Ailing Pakistan ex-PM Sharif seeks permission to travel abroad
The family of former Pakistani prime minister Nawaz Sharif are trying to get a travel ban against him lifted so that he can go abroad for medical treatment, one of his close aides told AFP on Friday.
Sharif, Pakistan's longest-serving premier, was ousted from his third term in office in 2017 and later imprisoned on corruption charges.
But his health has deteriorated in prison. Last month, he suffered a minor heart attack, his party said, adding that he is suffering from an autoimmune blood disorder.
Sharif also suffers from high blood pressure and his kidney functions are deteriorating, according to aides.
His doctor has claimed via Twitter that Sharif is "fighting for his life".
Sharif has been bailed for health reasons and remains at a hospital in the eastern city of Lahore, but a ban remains in place forbidding him from travelling abroad.
"The family of the former prime minister on Thursday formally approached the interior ministry asking the government to allow Sharif to travel abroad for medical treatment," a Sharif aide told AFP on condition of anonymity.
Interior ministry officials did not immediately respond to requests for comment. A senior government official told AFP the issue was being referred to the Cabinet.
The government is widely expected to grant the request, and a source in Sharif's party, the Pakistan Muslim League-Nawaz (PML-N), told AFP it is likely he will fly to London next week.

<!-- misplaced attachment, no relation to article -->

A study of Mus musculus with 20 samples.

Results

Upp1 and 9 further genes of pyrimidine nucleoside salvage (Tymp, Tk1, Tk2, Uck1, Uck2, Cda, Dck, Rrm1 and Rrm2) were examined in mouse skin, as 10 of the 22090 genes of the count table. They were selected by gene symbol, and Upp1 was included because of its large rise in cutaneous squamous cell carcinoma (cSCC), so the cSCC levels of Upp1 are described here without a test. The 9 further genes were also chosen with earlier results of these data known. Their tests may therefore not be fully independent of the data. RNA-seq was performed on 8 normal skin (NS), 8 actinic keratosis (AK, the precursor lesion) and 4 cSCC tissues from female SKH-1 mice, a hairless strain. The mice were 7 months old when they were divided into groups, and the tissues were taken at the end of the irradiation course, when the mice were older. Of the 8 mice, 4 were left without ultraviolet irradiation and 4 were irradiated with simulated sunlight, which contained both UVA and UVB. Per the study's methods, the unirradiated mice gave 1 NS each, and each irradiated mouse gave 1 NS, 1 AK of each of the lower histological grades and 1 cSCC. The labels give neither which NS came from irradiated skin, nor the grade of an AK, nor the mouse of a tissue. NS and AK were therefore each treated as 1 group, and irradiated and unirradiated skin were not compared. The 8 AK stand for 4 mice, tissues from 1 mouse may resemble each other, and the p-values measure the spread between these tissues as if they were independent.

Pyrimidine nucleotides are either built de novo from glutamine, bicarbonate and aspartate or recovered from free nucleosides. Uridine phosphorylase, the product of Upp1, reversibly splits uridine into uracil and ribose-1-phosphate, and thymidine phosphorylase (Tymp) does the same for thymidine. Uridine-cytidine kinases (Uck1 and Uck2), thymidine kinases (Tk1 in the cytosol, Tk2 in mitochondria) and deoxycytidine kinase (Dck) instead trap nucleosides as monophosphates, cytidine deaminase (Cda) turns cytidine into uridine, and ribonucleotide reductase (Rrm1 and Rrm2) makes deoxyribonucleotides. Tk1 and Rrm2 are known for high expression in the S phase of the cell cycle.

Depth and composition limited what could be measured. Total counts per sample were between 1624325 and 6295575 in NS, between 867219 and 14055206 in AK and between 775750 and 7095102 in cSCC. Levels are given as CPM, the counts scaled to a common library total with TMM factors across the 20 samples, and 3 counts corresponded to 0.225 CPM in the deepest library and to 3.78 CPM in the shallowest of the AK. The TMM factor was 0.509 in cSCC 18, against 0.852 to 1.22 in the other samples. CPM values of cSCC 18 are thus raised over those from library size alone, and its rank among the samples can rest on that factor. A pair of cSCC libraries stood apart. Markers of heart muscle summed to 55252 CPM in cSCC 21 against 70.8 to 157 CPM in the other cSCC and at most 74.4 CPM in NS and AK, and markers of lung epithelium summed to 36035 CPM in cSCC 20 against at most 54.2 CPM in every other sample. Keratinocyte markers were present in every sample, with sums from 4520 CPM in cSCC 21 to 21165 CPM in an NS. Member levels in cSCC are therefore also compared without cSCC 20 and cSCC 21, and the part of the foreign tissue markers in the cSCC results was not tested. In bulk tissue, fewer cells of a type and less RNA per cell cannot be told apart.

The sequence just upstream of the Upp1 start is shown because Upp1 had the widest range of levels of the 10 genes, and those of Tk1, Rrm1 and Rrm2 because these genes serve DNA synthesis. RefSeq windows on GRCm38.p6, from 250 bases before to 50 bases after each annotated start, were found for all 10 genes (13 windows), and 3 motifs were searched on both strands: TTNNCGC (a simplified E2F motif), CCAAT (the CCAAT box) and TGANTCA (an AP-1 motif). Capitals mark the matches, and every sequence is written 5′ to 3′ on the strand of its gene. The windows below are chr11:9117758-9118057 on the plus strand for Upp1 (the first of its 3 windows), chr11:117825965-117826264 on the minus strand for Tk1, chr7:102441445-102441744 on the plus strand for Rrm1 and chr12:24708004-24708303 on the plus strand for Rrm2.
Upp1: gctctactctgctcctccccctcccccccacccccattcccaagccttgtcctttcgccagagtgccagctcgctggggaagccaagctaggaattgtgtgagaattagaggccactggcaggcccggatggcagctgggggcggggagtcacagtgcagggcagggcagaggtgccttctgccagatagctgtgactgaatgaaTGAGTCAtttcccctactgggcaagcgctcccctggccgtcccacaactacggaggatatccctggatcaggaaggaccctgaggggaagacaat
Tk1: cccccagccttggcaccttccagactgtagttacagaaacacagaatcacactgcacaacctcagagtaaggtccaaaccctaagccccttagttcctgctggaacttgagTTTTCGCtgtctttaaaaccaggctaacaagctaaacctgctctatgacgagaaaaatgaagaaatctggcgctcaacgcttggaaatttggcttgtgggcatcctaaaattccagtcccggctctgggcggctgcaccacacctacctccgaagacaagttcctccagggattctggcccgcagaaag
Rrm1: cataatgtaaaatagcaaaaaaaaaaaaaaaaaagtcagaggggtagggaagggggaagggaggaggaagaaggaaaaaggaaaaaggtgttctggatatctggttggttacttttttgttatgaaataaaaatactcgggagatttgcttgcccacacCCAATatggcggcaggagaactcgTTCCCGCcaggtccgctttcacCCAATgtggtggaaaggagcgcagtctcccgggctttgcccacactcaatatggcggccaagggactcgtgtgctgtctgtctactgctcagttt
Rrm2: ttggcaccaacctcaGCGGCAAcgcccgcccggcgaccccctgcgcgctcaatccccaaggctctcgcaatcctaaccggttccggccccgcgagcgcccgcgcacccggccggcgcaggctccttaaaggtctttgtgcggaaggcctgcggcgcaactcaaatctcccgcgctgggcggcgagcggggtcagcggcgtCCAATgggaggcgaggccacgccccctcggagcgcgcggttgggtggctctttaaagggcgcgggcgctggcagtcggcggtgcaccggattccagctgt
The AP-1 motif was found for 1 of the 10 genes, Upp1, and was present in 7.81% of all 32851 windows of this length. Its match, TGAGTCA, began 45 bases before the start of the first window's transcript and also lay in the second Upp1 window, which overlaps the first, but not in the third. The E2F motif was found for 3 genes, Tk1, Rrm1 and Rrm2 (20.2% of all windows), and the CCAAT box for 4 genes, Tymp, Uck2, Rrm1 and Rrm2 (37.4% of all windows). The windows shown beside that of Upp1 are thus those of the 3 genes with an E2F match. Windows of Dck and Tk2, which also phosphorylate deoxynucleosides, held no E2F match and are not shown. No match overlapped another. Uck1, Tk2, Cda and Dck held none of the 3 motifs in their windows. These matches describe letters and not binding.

Sharif's daughter Maryam Nawaz, seen by many as his political heir, told reporters in Lahore that "since the matter concerns my father's life, he should be flown wherever treatment of his disease is possible".
Meanwhile, Sharif's personal physician Adnan Khan tweeted Friday that the former premier was "critically unwell".
"The unexplained cause & uncertain diagnosis complicates the overall clinical scenario requiring advanced investigations & specialised care", he added.
Sharif, known as the "Lion of Punjab", is a political survivor who has repeatedly roared back to the country's top office, underscoring the unpredictable nature of Pakistani politics.
A hugely wealthy steel tycoon from Punjab, Pakistan's wealthiest province, the 69-year-old was considered strong on the economy and infrastructure, but inherited sagging finances and a stifling energy crisis when he was elected for the third time in 2013.
He earned a reputation for combativeness during his two previous terms as prime minister, from 1990 to 1993 -- when he was sacked, also on corruption charges -- and from 1997 to 1999, when he was deposed by the powerful military.
Sharif blamed the security establishment for again targeting him in 2017, when the Supreme Court disqualified him from politics for life over graft allegations, which he denies.
He later received a seven-year jail sentence.
Cricketer-turned-politician Imran Khan, who defeated the PML-N in last year's general election, has since launched a high-profile and controversial anti-corruption drive that has targeted several leaders of Sharif's party.